Ulster: the Thatcher touch

Britain's Prime Minister Thatcher has been living up to the best sense of her "iron lady" reputation in the extraordinarily difficult matter of Northern Ireland. She stood firm against both Roman Catholic and Protestant extremists in the threatening episode of the hunger strike by Irish Republican Army (IRA) prisoners. She went to Dublin for meetings with Prime Minister Haughey in only the second Anglo-Irish summit there in sixty years. She -- and everyone else concerned with peaceful change in Northern Ireland -- can take satisfaction in the results.

Not that all has been tranquil since. The Provisional wing of the IRA has resumed terrorist acts and warned of more of them in its campaign against the presence of British troops in Ulster. Mrs. Thatcher has had to suffer the figurative slings and arrows of vituperative Protestant leader Ian Paisley. There remain many obstacles to political progress.

But the hunger strikers did end their fast without martyrdom and the violence that martyrdom was predicted to bring. Mrs. Thatcher did not grant them their demand of political prisoner status; she did grant improvements in prison conditions merited in themselves.

And the Dublin summit brought joint initiatives to be carried forward this year. Neither Mrs. Thatcher nor Mr. Haughey backtracked on their countries' previous assurances that there would be no change in the status of Northern Ireland without approval of the majority there. But their efforts -- along with some underway in the European Community -- could bring about an easing of tensions through economic, social, and atmospheric factors while political issues still are being worked out.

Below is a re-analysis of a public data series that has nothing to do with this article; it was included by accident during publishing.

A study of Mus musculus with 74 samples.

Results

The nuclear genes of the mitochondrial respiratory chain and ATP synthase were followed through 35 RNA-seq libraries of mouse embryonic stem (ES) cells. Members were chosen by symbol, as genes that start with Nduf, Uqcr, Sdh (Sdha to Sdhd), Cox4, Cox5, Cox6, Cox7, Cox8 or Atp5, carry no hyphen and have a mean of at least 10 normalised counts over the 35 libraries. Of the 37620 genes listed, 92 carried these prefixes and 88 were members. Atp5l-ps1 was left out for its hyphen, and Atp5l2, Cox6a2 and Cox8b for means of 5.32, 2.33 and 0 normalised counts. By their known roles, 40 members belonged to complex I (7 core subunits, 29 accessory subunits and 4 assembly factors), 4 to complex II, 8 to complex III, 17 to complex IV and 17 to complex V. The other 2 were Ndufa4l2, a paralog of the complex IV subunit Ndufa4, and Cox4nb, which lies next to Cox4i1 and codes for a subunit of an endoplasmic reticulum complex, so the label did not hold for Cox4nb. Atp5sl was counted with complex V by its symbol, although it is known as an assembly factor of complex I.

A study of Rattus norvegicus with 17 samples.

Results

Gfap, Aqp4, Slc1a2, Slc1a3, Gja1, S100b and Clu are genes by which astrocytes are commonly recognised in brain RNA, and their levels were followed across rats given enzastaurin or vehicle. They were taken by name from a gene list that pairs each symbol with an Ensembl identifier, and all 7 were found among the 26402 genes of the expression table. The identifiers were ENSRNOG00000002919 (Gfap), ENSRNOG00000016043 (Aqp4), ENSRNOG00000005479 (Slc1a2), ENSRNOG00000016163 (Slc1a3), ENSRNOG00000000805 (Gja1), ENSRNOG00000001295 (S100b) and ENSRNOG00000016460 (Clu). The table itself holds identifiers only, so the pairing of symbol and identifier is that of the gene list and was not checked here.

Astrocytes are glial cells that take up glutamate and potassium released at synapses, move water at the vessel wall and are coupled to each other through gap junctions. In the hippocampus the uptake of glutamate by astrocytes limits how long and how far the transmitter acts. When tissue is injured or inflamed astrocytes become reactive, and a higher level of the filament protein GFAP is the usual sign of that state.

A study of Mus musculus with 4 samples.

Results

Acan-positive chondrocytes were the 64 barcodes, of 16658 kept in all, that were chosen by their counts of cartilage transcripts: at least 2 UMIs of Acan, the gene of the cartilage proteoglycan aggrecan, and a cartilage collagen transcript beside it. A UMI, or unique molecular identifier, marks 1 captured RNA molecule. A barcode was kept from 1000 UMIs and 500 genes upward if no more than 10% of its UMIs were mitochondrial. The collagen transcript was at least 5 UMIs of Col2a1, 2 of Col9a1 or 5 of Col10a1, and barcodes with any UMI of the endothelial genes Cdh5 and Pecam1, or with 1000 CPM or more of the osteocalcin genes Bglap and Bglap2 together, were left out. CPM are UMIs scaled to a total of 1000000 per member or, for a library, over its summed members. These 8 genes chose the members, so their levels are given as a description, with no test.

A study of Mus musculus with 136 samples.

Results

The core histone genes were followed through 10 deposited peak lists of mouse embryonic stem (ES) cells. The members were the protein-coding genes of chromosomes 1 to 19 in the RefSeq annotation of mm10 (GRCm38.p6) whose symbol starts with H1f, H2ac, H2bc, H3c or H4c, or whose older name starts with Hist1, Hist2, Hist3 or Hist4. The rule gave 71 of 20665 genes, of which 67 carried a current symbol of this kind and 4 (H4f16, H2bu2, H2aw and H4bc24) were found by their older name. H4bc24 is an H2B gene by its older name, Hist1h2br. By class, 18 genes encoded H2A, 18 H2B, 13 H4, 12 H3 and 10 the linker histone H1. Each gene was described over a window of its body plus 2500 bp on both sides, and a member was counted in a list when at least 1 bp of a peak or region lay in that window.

Things work slowly in the EC's young European Parliament. But a resolution is making its way there which would designate Northern Ireland as a "pilot region" of Europe with the advantages of plans and funding from the community. The British government has lent its support, and eventual passage could contribute to an evolving larger role for Northern Ireland without leaving the United Kingdom.

On the nearer horizon are the studies to be made for closer Anglo-Irish cooperation coming out of the Dublin summit. These are to cover a whole range of issues, such as whether Britons in the Irish Republic should have the right to vote there as Irish citizens do in Britain. There could be further joint means of security and law enforcement such as the ones that already have IRA leaders concerned.

It is said that the agreement that could be achieved might be compared to the 1963 Franco-German friendship treaty which consolidated a reconciliation between the two peoples with many constructive results.

Beyond all the nuts and bolts it is this kind of atmosphere for solution that can speed the hopes raised by Mrs. Thatcher's strong stance on the Northern Ireland question. It would be in keeping with queen Elizabeth's Christmas message that, amid all the conflict and pain on the human scene, "the world we would like to see can only come from the goodness of the heart." She quoted the grand old hymn:

"Now give us, we pray thee, the spirit of love,/ The gift of true wisdom that comes from above,/ The spirit of service that has naught of pride,/ The gift of true courage, and thee as our guide.